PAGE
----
Germany’s 22nd largest city by population within the city limits, Mannheim is the heart of the Rhine-Neckar metropolitan region, Germany’s 8th largest and home to over 2 million people.
A city with a rich and varied history, Mannheim was raised to the ground during World War 2 and laboriously rebuilt in the latter half of the century. Mannheim is also the site of the first motorbike and motorcar were built.
Nowadays, Mannheim is an economic hub home to many large multinational corporations. It is known for it’s progressive outlook socially, economically and environmentally and has been lauded as a city to watch with a gay scene scattered across the city.
Mannheim has historically been a very liberal minded city, with openly gay establishments being favourite haunts of artists and writers in the 1930s. Nowadays, Mannheim’s gay community is thriving and welcoming of everyone.
The city is divided into 4 quadrants, and gay-popular bars and clubs can be found in all of them. The majority of venues are located in Mitte (the centre) and around the Wasserturm.
Mannheim hosts the Christopher Street Day LGBT Pride celebrations every August. The last Saturday of every month sees the grand Himbeerparty LGBT party taking place at the Alte Feuerwache. But the largest, most popular gay dance (and cruise) party in Mannheim is GAYWERK.
Mannheim’s neighbouring city, Ludwigshafen, has a small gay scene, too, including a sauna called Atlantis Sauna. Since the two cities are literally right next to each other, it can be said the few gay venues in Ludwigshafen are part of the Mannheim gay scene.
Mannheim City Airport (MHG) is a shadow of it’s former glory. It only runs two scheduled domestic flights to Berlin Tegel and Hamburg. Trams 5 and 6 and Bus 50 take you into the city. Tram journeys take around 25 minutes, buses slightly longer and cost €2.50.
Most international arrivals arrive via one of the many airports neighbouring Mannheim. Frankfurt Airport (FRA), Germany’s largest airport and international hub, is only 30 minutes away by ICE high speed train/bus takes 1 hour-90 minutes (prices vary).
Frankfurt Hahn Airport (HHN) offers a shuttle bus service to Mannheim train station that is cheap but does take around 2.5 hours to get to Mannheim.
Mannheim Hauptbahnhof is well connected to the rest of Germany and is the second busiest, after Stuttgart, in South West Germany. It has good international connections extending as far as Moscow in the East and Copenhagen in the North.
Although the city centre is relatively compact, you have to understand that central Mannheim is laid out slightly different from other cities. “Streets” do not have street names but addresses are instead grouped in blocks, a lot like a chess board. Addresses take the form of a grid reference, followed by a number i.e. Q6, 12 (if in doubt, don’t be afraid to ask a local).
By public transport
Verkehrsverbund Rhein-Neckar (VRN) is the name of the organisation that organises public transport in the Rhein-Neckar region. It offers an integrated system of buses, trams, s-bahn trains and regional trains in Mannheim and to the other towns surrounding it.
Single tickets start from €1.60 and day tickets start from €6.50. The majority of tram routes in Mannheim run every 20 minutes during the day but there are less regular night services available, with some services running around the clock at weekends.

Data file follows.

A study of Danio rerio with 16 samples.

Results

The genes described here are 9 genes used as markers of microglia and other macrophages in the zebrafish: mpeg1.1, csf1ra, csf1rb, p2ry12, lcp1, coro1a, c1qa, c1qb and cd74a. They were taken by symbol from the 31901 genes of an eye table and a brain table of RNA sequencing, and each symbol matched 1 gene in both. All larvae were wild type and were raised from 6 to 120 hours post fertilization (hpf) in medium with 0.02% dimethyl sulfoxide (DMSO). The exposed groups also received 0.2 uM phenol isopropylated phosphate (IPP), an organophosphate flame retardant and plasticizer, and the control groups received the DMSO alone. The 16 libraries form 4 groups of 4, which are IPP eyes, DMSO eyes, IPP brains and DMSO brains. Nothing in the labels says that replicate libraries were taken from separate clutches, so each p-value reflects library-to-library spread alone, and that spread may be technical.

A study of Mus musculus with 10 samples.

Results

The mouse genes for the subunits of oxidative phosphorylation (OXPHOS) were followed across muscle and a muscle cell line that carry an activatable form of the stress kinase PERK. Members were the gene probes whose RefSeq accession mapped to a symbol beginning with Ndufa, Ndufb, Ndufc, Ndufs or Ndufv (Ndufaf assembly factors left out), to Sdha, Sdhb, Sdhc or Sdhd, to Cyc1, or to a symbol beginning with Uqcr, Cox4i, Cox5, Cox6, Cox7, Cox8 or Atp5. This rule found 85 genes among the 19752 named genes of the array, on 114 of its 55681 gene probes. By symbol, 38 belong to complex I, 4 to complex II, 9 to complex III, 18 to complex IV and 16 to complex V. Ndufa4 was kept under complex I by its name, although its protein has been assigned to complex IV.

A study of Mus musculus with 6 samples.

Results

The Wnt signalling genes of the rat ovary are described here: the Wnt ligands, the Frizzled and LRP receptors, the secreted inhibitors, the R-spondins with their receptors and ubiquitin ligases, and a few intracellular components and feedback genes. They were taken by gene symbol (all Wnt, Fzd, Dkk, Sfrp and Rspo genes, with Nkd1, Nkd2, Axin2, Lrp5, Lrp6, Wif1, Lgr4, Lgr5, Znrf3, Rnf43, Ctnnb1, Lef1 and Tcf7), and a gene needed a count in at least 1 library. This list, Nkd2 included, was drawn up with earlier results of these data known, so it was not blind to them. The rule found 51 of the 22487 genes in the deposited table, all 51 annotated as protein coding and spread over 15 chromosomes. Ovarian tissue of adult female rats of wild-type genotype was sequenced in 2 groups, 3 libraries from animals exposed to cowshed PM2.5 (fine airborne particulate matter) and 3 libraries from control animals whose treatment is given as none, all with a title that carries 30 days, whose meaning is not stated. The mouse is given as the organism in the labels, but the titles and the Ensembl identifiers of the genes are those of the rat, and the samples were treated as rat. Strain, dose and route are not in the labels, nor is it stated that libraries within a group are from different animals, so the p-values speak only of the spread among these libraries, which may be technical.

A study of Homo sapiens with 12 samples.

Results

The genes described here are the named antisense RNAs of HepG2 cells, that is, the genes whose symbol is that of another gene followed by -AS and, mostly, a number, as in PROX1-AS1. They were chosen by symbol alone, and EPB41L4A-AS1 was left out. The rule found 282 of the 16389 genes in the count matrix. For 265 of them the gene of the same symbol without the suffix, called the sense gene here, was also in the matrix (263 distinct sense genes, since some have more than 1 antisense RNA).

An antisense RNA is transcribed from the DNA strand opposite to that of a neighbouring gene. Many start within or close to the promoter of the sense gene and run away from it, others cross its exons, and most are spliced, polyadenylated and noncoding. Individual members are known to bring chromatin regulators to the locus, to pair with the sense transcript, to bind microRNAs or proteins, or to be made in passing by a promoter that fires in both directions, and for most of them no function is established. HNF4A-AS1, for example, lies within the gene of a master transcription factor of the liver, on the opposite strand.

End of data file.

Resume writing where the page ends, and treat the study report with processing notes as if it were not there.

It is easier to flag down taxis in Mannheim or to find taxi ranks, however the same caution should be exercised as in any European city. Be sure to only get into licenced cabs and ensure that you pay by the meter to avoid being ripped off.
For our list of recommended hotels, visit the Gay Mannheim Hotels page.
Luisenpark – built between 1892 and 1903, Luisenpark is frequently cited as one of the most beautiful parks in Europe. Attractions include a large boating lake, the Chinese Gardens and the Pflanzenschauhaus (glasshouse) with its aquarium and butterfly collection.
Friedrichsplatz – just a ten minute walk away from the city centre is this neo-baroque public square. A perfect place to relax and people watch. Be sure to check out the light show on the fountain.
Kunsthalle – Mannheim’s civic art collection is held in a great 19th Century building and is free entry on Wednesdays and between 6-8 most evenings.
Mannheim Palace – a grand palace that is frequently compared to Versailles. Now the majority of it forms part of the University of Mannheim, you can still take guided tours inside.
Wasserturm – famous romanesque watertower that acts as the main landmark of Mannheim. Be sure to get a selfie here.
SAP Arena – large multifunctional arena that is home to Mannheim’s world famous ice hockey team Die Adler (the Eagles).
Unlike other cities and towns in the region, Mannheim does not become swamped with tourists in the summer months. It is located in Germany’s hottest location, the so called Rhine Shift, so summer months can be extremely hot.
In contrast with a lot of central European cities, snow is actually not that common in the winter months. This does not by any means that you shouldn’t pack a warm coat in December, however, as temperatures do drop below freezing.
August sees the large Christopher Street Day festival take to the streets and November has the international film festival, twinned with nearby Heidelberg.
Germany is within the European Schengen visa area. If travelling from outside Europe, check to see if you require a Schengen visa.
Germany is a member of the Eurozone. Cash dispensers are widely available. You may be asked for photo ID if paying with a credit or debit card in a shop.